Unusually for me, I have spent much of this week in the presence of Brits; first at a conference in Shanghai addressed by "civic leaders" from two Northern Cities whose football teams now contribute most to their GDP. One was an ex-teacher and the other an ex-social worker. Both were, as we say up North, "gobs on sticks" and both were (of course) Socialists. As representatives of modern Britain, they were - sadly - spot on. What was interesting was not what they had to say but the supreme confidence with which they said it. Here in one of the oldest continuous civilisations on the planet; the second largest economy after the USA; with one quarter of the world's people and one of the fastest growth rates anywhere, these mediocrities held forth with an arrogance born of never being challenged in the political desert they call home.
The Chinese participants were, as Chinese people are, very polite. They nodded as the "civic leaders" spoke of their cities' long-gone glory days. As they spoke I reflected that the city leaders of those times were not subsidy hounds like them, but shipping magnates and industrialists on the give, not the take. I am pretty sure they were higher grade human material than their modern equivalents. I am also pretty sure that the Chinese at the conference thought the connection to modern realities as tenuous as I did.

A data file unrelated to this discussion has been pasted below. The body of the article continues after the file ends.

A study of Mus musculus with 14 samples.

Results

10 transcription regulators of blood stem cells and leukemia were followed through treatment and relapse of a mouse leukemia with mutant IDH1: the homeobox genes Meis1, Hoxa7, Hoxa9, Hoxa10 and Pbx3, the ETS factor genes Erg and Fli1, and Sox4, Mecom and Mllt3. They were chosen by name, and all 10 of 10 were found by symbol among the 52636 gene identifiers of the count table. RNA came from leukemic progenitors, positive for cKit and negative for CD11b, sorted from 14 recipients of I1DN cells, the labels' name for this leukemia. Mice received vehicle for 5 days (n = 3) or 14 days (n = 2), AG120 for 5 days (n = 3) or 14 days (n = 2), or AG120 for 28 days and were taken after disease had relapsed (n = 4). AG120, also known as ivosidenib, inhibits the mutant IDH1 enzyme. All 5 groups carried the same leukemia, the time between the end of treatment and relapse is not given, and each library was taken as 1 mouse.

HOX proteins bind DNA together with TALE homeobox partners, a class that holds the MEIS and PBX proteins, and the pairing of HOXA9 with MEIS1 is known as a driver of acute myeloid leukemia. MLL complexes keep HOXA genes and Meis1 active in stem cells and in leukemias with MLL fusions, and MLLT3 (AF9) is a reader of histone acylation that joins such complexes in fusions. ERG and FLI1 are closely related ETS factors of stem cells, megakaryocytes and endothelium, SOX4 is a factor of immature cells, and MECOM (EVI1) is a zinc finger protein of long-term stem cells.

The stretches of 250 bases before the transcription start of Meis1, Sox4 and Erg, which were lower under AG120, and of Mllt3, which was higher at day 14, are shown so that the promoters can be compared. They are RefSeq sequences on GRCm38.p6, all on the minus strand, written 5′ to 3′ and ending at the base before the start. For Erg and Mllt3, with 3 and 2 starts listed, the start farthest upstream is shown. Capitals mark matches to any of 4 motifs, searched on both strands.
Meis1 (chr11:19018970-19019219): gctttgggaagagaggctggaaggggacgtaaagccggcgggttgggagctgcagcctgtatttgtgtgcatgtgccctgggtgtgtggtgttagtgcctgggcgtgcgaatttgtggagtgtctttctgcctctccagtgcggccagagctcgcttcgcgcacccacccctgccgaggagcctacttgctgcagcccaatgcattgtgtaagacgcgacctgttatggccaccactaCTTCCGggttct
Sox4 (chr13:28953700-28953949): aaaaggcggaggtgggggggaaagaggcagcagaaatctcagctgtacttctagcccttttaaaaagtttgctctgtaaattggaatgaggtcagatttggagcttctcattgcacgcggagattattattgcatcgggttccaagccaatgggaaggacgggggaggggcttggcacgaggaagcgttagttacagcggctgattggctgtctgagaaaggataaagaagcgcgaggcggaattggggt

The next night I heard an English judge give a speech to assembled Chinese lawyers. I winced as he said how happy we were to help them develop their legal system. These people, m'lud, had a legal system when your ancestors were painting themselves blue. I am as proud of the English Common Law as the next lawyer, and probably more convinced of its usefulness in international commerce, but I am respectful (having practised law across the great Civil Law/Common Law divide) of the merits of other systems. His Chinese counterpart made a cheery remark about how a young lawyers exchange scheme had been discontinued because "we understand the British Government has some financial difficulties." You could see the twinkle in his eyes as he said it. What he didn't say (because stating the obvious is not a Chinese vice) was that If they thought there was real value in the scheme, their government has no such difficulties.
Perhaps I am being unfair. Most of the people at both UKTI-sponsored events were (a) serious and talented professionals and (b) nice people. It does strike me however that Brits are still - for all the humiliations of the last century - too quick to assume that there is something extra special about their knowledge and experience. We have as good a contribution to make as anyone else, of course - and the widespread use of our language makes it easier for us to make it - but quite what possesses the citizens of a small country with a crumbling economy to exhibit such collective bravado is beyond me.